Less than a year ago, I wrote a letter to The Salt Lake Tribune pleading with Utah politicians to focus less on anti-porn piety and redirect their efforts toward ending Utah’s rape culture. Yet, here we are again.

State Sen. Todd Weiler recently announced he is considering bringing back Utah’s obscenity and porn complaints ombudsman (also know as the porn czar) at the expense of taxpayers’ money. Though a laughable proposition, the porn czar would reinforce harmful stigmas that hurt sexual assault survivors and Utah youths. Weiler veils his attempts to encroach on Utahns’ First Amendment rights and bodily autonomy by insisting the primary goal is to protect Utah’s teenagers from pornography. But is this the truth?

Weiler’s undying mission to keep Utah youths “pure” may very well be well-intentioned, but it seems disingenuous because it is supported by little to no definitive research. If the goal is truly to stop teenage girls from reading sex and relationship-oriented publications like Cosmopolitan, our politicians would bring a comprehensive sex education bill to the table. Abstinence-focused education has proven to be not only ineffective, but actively detrimental. Utah’s rising rates of sexually transmitted infections (STIs) among teenagers is substantial proof that primary sex education needs to be vastly improved.

Utah’s teenagers deserve better. They deserve to be taught proper sex education, and they have a right to be taught anatomically accurate language. The narrative that teaching teens about sex, STI prevention and consent encourages them to engage in sexual activities is a tired myth, long perpetuated by many Utah politicians. But frankly, I am not willing to allow “alternative facts” to persist in Utah at the cost of our youth’s sexual health and safety, especially our teenage girls.

This may come as a surprise to some, but sexuality is normal part of puberty, of being human. Adolescence, and the accompanying self-exploration or sexual activity will not simply cease to exist if teenagers lose access to Cosmopolitan.

As Turner Bitton, director of Utah Coalition Against Sexual Assault told Good 4 Utah, ”The thing about for example Cosmo ... that’s traditionally where we would see youth get this information.” If Weiler & Co. were to block Utah youths from purchasing this educational source, youths will seek other (often less safe) avenues to satisfy their natural curiosity. Or, they will develop overall unhealthy attitudes towards sex that will prevail long into their adult sex lives.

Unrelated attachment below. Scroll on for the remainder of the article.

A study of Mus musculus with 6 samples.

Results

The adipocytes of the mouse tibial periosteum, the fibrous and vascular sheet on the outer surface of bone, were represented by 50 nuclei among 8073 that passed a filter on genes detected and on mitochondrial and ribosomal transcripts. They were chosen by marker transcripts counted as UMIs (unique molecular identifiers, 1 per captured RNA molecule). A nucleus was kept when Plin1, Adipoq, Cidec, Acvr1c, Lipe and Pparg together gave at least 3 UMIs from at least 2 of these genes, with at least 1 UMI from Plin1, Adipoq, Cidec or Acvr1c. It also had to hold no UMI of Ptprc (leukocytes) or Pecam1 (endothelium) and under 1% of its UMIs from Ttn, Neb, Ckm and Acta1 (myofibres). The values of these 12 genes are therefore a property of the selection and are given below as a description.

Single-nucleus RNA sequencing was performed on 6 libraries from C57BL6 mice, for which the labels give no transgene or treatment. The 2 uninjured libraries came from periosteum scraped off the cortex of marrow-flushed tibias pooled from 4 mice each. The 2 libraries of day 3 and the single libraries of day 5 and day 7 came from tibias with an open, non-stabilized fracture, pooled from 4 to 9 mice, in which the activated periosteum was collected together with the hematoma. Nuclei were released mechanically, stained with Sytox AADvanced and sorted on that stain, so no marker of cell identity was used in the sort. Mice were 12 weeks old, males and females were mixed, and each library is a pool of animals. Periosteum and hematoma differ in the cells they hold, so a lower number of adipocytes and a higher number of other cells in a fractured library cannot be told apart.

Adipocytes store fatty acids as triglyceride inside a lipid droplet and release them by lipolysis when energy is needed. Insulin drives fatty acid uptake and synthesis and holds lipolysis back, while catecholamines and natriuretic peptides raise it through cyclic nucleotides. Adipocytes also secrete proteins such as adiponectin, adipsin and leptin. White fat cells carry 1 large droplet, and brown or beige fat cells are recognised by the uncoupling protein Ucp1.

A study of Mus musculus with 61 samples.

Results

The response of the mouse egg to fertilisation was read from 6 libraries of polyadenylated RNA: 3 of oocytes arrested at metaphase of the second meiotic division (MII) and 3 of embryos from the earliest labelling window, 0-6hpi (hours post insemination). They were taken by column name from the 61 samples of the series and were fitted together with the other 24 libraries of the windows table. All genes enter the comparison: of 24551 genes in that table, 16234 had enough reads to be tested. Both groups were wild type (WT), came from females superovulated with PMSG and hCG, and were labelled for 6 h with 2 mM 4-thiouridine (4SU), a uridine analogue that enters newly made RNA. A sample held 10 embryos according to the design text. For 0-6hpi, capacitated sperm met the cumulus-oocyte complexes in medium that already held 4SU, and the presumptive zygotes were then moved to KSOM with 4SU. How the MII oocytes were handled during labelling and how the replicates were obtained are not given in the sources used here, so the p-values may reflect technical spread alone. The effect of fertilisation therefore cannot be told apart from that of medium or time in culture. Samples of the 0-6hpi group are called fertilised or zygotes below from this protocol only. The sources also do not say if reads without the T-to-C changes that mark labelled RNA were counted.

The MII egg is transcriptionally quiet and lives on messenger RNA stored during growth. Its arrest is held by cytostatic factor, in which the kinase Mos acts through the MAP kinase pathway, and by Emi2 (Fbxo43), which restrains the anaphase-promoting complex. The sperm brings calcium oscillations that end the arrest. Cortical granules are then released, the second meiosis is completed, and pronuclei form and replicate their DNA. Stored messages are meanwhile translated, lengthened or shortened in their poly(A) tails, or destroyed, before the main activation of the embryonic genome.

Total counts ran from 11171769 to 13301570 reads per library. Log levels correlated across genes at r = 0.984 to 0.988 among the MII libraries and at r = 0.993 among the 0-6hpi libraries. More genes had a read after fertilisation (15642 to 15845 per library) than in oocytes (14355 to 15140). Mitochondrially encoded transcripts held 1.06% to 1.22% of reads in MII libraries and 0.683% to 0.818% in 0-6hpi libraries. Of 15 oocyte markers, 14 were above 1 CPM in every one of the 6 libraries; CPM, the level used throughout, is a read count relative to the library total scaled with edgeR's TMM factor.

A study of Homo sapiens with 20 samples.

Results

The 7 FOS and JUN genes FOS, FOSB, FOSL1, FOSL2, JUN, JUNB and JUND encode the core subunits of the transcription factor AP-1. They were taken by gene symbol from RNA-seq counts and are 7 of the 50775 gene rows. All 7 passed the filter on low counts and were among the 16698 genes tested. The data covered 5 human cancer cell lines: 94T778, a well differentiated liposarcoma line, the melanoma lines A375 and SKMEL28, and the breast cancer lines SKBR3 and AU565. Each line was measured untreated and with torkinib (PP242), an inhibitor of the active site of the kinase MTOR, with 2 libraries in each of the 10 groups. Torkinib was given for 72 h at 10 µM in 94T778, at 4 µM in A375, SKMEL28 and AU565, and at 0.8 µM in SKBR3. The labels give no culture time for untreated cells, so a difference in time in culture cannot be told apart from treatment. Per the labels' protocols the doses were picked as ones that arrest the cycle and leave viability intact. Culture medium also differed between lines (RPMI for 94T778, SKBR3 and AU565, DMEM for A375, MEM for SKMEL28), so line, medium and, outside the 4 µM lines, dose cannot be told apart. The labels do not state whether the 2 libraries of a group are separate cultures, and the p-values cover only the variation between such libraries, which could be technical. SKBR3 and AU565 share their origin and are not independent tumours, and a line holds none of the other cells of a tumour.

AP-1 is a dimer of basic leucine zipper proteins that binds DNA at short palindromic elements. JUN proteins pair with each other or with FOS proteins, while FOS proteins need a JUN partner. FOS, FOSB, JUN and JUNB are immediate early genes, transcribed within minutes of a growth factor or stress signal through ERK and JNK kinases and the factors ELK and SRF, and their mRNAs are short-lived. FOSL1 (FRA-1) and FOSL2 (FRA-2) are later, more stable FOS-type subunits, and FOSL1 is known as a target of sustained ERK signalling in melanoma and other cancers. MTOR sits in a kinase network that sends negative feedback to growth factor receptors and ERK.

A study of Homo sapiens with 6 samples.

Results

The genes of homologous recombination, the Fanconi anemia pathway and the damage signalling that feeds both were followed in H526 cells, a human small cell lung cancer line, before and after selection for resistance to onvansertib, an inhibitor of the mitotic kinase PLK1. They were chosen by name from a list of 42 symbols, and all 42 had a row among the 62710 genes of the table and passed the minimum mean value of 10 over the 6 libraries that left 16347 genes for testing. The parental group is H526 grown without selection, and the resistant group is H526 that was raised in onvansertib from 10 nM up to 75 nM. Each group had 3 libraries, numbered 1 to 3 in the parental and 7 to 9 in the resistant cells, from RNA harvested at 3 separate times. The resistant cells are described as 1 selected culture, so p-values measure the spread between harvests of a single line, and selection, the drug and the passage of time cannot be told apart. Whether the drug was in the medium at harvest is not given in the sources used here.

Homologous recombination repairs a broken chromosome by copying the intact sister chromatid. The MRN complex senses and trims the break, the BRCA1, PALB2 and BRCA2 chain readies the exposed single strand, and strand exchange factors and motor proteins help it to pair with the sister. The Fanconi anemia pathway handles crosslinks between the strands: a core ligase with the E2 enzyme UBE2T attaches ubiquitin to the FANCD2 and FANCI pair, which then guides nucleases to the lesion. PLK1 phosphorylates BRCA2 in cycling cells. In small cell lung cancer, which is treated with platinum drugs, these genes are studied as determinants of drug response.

Pornography isn’t an issue in Utah, but shame definitely is.

As a sexual assault survivor and advocate with Start By Believing Utah, it saddens me to watch this ridiculous porn crusade take precedent over sexual assault prevention. Utah’s 1 in 3 statistic is harrowing, and I am gravely concerned as to how my representatives are (mis)handling Utah’s sexual violence epidemic. With the rare exception of Rep. Angela Romero, who successfully led a bill to test rape kits, Utah’s politicians seem more invested in insidiously promoting their personal or religious beliefs than truly listening to marginalized members of their communities.

I’d suggest Sen. Weiler spend less time considering reviving the “porn czar,” and instead invest in finding more integrated solutions led by sexual assault survivors, professionals and advocates.

Kyli Rodriguez-Cayro is a writer, mental health advocate, grassroots activist and entrepreneur based in Salt Lake City. She is co-chair of the Utah Department of Human Services’ regional System of Care council. She is also a member of Start By Believing Utah, a council who’s mission to educate Utahns on sexual violence and work towards community-led prevention.